News of the coming demolition of Oak Lodge Motor Inn and concern for the fate of the poorest of the poor who inhabit this public eyesore raises questions any growing city must and should confront: Does a city strike while the developmental iron is hot and the investment bucks are plentiful and in readiness — and if so, what obligation do a city and its taxpayers have in ensuring the least among us aren’t reduced to living in creaky automobiles or pitching tents in parks and parking lots? Few questions better test sometimes hollow claims that we’re a Christian nation at heart.
No one should be misled in assuming Oak Lodge Motor Inn was worthy of its desperate tenants. Owners of such properties have a moral and legal obligation to maintain such quarters to certain standards — and, yes, that includes kicking deadbeats and vandals to the curb when necessary. Nobody expects a place like Oak Lodge to look like the Taj Mahal, but both the public and hard-bitten residents should expect the windows to be fixed, stairs to be safe and the insurance money collected from an unfortunate fire to be used to rehab the units involved.
Jimmy Dorrell, homeless advocate, pastor of Church Under the Bridge and member of the Trib Board of Contributors, pledges to help the displaced find new residences. In an interview with Trib staff writer Mike Copeland, Dorrell said most residents leaving Oak Lodge “will have no place to go, will end up sleeping on someone’s couch or in a car. There will be people who step up, social workers, but the issues run much deeper than having a good heart, having a Pollyanna mindset. There will be a spurt or two of desire to help, but it’s a systemic issue.”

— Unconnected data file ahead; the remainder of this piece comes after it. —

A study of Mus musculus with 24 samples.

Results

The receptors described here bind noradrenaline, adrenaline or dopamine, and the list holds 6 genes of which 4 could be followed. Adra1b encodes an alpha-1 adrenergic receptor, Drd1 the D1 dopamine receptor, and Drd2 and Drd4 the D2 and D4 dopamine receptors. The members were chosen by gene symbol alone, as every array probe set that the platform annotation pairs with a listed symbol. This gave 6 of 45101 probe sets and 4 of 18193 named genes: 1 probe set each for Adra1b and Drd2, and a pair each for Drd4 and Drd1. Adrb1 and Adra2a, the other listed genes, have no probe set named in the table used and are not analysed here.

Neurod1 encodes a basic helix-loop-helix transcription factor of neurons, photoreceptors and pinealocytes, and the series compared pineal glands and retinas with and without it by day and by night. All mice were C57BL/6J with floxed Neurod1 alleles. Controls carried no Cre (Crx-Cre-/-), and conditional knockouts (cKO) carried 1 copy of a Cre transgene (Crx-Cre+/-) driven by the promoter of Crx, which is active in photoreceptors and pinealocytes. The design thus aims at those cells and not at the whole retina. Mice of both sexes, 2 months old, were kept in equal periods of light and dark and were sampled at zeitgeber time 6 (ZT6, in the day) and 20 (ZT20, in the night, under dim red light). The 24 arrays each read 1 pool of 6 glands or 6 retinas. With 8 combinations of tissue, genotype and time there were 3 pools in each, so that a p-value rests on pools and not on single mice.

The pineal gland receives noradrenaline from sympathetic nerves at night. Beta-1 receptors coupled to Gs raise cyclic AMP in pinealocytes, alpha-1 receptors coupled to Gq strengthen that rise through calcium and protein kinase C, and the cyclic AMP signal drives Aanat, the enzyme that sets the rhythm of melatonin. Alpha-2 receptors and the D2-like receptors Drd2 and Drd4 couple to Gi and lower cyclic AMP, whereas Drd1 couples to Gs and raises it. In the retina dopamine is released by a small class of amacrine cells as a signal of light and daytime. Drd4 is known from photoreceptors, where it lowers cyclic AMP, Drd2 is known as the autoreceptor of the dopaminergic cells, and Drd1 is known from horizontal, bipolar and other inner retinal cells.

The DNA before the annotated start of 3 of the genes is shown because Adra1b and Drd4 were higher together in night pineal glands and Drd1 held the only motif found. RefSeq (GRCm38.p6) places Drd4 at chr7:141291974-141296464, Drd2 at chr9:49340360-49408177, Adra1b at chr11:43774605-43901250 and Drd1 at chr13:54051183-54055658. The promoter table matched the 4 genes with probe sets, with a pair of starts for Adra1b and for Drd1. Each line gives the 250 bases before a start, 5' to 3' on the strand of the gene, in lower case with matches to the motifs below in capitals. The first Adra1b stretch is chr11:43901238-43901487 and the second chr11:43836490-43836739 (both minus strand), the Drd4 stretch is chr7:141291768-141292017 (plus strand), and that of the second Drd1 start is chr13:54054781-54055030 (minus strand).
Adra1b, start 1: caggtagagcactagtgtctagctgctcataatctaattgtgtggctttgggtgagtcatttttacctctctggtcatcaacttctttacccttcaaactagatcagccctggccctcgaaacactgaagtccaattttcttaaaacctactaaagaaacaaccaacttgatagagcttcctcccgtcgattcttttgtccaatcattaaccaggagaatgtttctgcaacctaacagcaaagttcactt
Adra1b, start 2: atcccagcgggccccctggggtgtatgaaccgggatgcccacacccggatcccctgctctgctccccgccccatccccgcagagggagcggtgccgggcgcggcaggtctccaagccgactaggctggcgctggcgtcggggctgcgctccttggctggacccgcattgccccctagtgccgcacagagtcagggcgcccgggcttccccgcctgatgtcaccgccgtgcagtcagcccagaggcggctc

True enough. Still, let’s give credit where we can. While the Tax Increment Financing Zone board voted this month to recommend a $1.3 million contribution to the estimated $9 million development stretching from Austin Avenue to Franklin Avenue along 11th Street, Waco City Manager Bradley Ford says the city will spend $2.5 million from its federal American Rescue Plan allocation to address homelessness and affordable housing. For the record, the city became the primary funding partner of Mission Waco and Salvation Army homeless shelters during the worst of the COVID-19 pandemic.
Yet in a society where talk of raising the minimum wage for struggling Americans in the workforce spurs cries of “socialism” and wailing about how it will hurt corporate types after a colossal tax cut for the rich in 2017, in a nation where the poor, working or not, are stereotyped and vilified as scofflaws and cheats seeking to game the system, America falls short. No country can claim the high ground as the greatest or most civilized or most Christian in the world when it has people living in cheap tents in public and private places or living in ramshackle eyesores such as Oak Lodge.
We heartily welcome Dottie Oaks Condominiums, including condos, lofts and retail, further invigorating not only commerce downtown but downtown living, complete with many joys unknown to the area only a decade ago. We also encourage civically responsible city, business and church leadership to pursue short-term and long-term solutions in affordable housing — increasingly a headache for those in the workforce as well as those on the fringes of society. Celebrating taxpayer-assisted commercial success while leaving the poor to twist in the wind would only indict ours as a morally derelict community.